May 17, 2021

Health comes first in fire crisis


After the much anticipated rain that fell over the weekend it seems the Northern New South Wales bushfires have hopefully been dampened; providing a reprieve after the three weeks of devastating bushfires. Although, the reprieve does not downplay the fact that 670 homes in Northern NSW have either been destroyed or damaged, with hundreds of other people undoubtedly affected by the fires in some way.

This is why seeking support and care for yourself and others should now be everyone’s be the first priority. Legal Aid NSW and the Rural Adversity Health Program (RAMHP) have both reached out to convey this message.

Legal Aid NSW

Legal Aid NSW (LANSW) lawyers announced that they would be prioritising and providing free legal advice to any of those who have been affected by the fires. This will include assistance in insurance claims, tenancy, credit and debt, financial hardship, social security entitlements and employments.

Having professional help is crucial in minimising the trauma and stress people are going through while helping rebuild lives. If you are experiencing any legal problems due to the impacts of the fires, it is urged that you reach out to LANSW and receive assistance.

Help is available at any LANSW office or outreach – this includes offices at Port Macquarie and Coffs Harbour and outreaches at Forster, Kempsey, Taree, Bowraville, Grafton, Macksville, and Nambucca. Further help can be found at the LawAccess NSW Disaster Response Hotline (1800 801 29) and the LANSW website (www.legalaid.nsw.gov.au). For intensive casework a means and merit test is applied.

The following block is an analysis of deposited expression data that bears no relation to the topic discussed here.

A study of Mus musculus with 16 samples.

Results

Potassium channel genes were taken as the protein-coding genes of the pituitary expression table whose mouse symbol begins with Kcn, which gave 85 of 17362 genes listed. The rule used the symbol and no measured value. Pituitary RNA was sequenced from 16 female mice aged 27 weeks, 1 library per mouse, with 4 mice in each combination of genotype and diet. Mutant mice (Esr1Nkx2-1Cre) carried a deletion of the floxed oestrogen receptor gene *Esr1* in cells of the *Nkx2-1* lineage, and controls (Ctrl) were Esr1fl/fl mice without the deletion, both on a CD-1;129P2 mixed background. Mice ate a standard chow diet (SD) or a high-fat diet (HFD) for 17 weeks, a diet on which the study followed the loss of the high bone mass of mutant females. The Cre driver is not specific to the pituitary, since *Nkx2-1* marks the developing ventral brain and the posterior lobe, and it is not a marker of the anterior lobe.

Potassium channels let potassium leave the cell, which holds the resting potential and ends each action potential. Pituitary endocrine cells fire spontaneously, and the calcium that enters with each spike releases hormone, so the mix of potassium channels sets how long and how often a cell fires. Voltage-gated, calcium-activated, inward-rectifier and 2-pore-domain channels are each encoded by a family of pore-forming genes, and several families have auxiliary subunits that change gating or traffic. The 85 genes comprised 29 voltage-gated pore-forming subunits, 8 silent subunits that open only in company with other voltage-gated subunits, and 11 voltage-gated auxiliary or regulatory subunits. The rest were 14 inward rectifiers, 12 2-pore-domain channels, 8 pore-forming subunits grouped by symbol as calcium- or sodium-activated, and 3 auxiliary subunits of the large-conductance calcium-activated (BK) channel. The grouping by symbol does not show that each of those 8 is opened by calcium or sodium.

Rural Adversity Health Program

Rural Adversity Health Program Manager, Tessa Caton, says following on from any disaster, it is normal for people to feel overwhelmed, worry a lot more than usual, have trouble concentrating and making decisions. Rural Adversity Health Program (RAMHP) have been reminding anyone impacted by the fires that it is ok to have overwhelming feelings during these stressful times, although, people should be mindful of their own and others’ wellbeing.

It is after trauma that people are significantly prone to mental health issues like depression and/or anxiety. It is important to take extra care of mental health after and during the bushfires. If you find yourself or others’ exhibiting changes that remain for more than a couple weeks you should seek support.

Changes to look out for can include feelings of anxiety, sadness, increased temper, self-isolation, and ceasing activities the person enjoys. Some simple tips that RAMHP have provided to look after mental health are: spend time with family and friends, take time out but don’t isolate yourself, accept help, and understand you are not alone.

For further support calling Healthwise (1800 931 540), Connect to Welbeing (1300 160 339) or NSW Mental Health (1800 011 511) is recommended. These organisations can also be accessed through their websites (Healthwise: healthwisenenw.com.au/, Connect to Wellbeing: www.connecttowellbeing.org.au/, NSW Mental Health: www.health.nsw.gov.au/mentalhealth/Pages/default.aspx).